Thursday, September 01, 2011

Junior Wells' Classic Hoodoo Man Blues Receives Expanded Edition

It was fall of 1967 that I picked up a monaural vinyl album by Junior Wells, Hoodoo Man Blues on Delmark at a downtown Cleveland record store. It was one of those albums that helped me an enthusiast of blues music and a fan of Mr. Wells. Hoodoo Man Blues has long been acknowledged as a classic of the post-war Chicago blues and has been honored as a Grammy® Hall of Fame Inductee. It has been reissued several times including on CD, but Delmark has just reissued it again in a deluxe new expanded edition that includes a number of previously unissued tracks with some studio patter added in. Also included with the digi-pak packaging is a booklet that contains the original liner notes, the added notes for a prior CD release and new comments from Bob Koester along with many previously unpublished photos from the session.

The original release especially holds up sounding as contemporary and vital as ever. The session was engineered by Stu Black who did some Chess sessions one really can appreciate what a superb job he did on the two track stereo tapes the sessions were recorded with. The clarity that allows Buddy’s chords and fills to ring clearly even when at a subdued volume as well as the shimmer of Billy Warren’s cymbals (especially the wonderful rendition of In the Wee Wee Hours) and the at times guitar-like bass lines of Jack Myers. Of course Junior is front and center with some of the best vocals and harp playing he ever recorded.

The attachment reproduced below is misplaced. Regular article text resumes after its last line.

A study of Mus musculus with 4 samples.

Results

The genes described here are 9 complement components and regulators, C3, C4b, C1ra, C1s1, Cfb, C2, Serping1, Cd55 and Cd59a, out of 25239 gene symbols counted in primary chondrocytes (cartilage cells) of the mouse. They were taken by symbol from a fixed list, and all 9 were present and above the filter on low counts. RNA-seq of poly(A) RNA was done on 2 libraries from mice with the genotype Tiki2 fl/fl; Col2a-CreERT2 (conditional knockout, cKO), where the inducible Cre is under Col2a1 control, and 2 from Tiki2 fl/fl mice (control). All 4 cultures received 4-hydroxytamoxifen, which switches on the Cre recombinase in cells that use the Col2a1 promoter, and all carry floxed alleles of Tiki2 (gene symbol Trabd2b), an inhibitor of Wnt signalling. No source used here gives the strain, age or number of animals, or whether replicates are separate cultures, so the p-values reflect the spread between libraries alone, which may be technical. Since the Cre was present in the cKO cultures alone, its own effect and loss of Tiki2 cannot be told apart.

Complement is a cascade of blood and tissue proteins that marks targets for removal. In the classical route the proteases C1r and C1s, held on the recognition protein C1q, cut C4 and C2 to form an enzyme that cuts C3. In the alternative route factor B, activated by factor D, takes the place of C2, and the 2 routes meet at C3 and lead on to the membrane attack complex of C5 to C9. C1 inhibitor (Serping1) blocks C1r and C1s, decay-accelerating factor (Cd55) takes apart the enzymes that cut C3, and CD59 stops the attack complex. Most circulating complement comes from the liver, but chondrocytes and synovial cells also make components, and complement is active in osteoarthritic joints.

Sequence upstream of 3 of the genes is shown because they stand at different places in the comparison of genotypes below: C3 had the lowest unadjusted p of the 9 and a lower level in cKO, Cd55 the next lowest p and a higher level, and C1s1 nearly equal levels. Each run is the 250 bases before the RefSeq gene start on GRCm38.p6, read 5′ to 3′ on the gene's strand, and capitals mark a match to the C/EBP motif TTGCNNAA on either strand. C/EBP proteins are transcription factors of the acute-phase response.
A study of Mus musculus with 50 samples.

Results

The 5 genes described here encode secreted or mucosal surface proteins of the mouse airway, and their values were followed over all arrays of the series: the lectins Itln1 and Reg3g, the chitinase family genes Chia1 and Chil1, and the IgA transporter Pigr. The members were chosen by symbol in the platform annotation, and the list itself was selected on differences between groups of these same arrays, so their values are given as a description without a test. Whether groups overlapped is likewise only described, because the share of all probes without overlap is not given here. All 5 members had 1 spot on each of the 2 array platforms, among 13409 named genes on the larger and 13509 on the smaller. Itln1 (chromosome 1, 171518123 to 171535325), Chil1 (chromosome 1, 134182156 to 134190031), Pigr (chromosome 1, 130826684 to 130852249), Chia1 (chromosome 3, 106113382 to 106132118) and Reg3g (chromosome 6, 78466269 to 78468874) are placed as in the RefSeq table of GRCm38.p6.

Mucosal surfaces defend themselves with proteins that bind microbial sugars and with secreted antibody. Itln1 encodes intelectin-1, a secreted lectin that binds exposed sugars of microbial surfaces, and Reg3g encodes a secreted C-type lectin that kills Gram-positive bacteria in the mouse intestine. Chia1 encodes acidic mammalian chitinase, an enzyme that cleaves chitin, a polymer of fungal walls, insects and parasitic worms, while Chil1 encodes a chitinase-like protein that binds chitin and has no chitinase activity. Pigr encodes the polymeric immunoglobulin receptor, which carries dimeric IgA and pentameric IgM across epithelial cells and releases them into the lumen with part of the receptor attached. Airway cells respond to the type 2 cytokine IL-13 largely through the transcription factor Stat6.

Koester notes that this was the first recording of “a working Chicago blues band recorded in the studio for lp release with no 45 rpm singles planned and the artists given full freedom as to the running time of the tracks.” Its something they did not realize at the time when they did the session. As many know, Buddy Guy was listed under the pseudonym Friendly Chap on early releases of the album. It was the name suggested by Pete Brown, a British kid who worked at Koester’s Jazz Record Mart, and used because they thought Buddy was under contract to Chess. And there is the use of a Hammond B-3 Leslie speaker by Buddy Guy. It seems that their was an issue with Buddy’s guitar amp, and engineer Stu Black wanted to get the session rolling so he wired Guy into that speaker until Guy’s amp could be repaired. It certainly lent a distinctive tone to Wells’ rendition of Hoodoo Man Blues.

What a terrific band and the reissue contains the twelve tracks that appeared on vinyl followed by alternates of In the Wee Wee Hours, Hoodoo Man Blues, and Kenny Burrell’s Chitlins Con Carne, (that have been previously reissued) and three alternates of Yonder Wall. The two renditions of In the Wee Wee Hours, on which Junior plays chromatic, may have his strongest harp playing, a real nice vocal and solid drumming with nice cymbal work There is a new tune as well, “I Am Stranded,” a Jimmy Reed-styled number credited to Guy. An enjoyable performance but not as strong as the other songs, and the alternates are very good, but one would be hard-pressed to find any of them superior to the issued tracks. Minor bits of studio chatter are also included by probably will be ignored after the first times one listens to this.

Delmark is to be thanked for this expanded Hoodoo Man Blues. The additional material is a nice addition to the original classic album and listening to this one appreciates just how classic that album was. With the wonderful packaging, terrific sound and of course the timeless blues performances, this is an essential blues recording.

I received my review copy from the record company.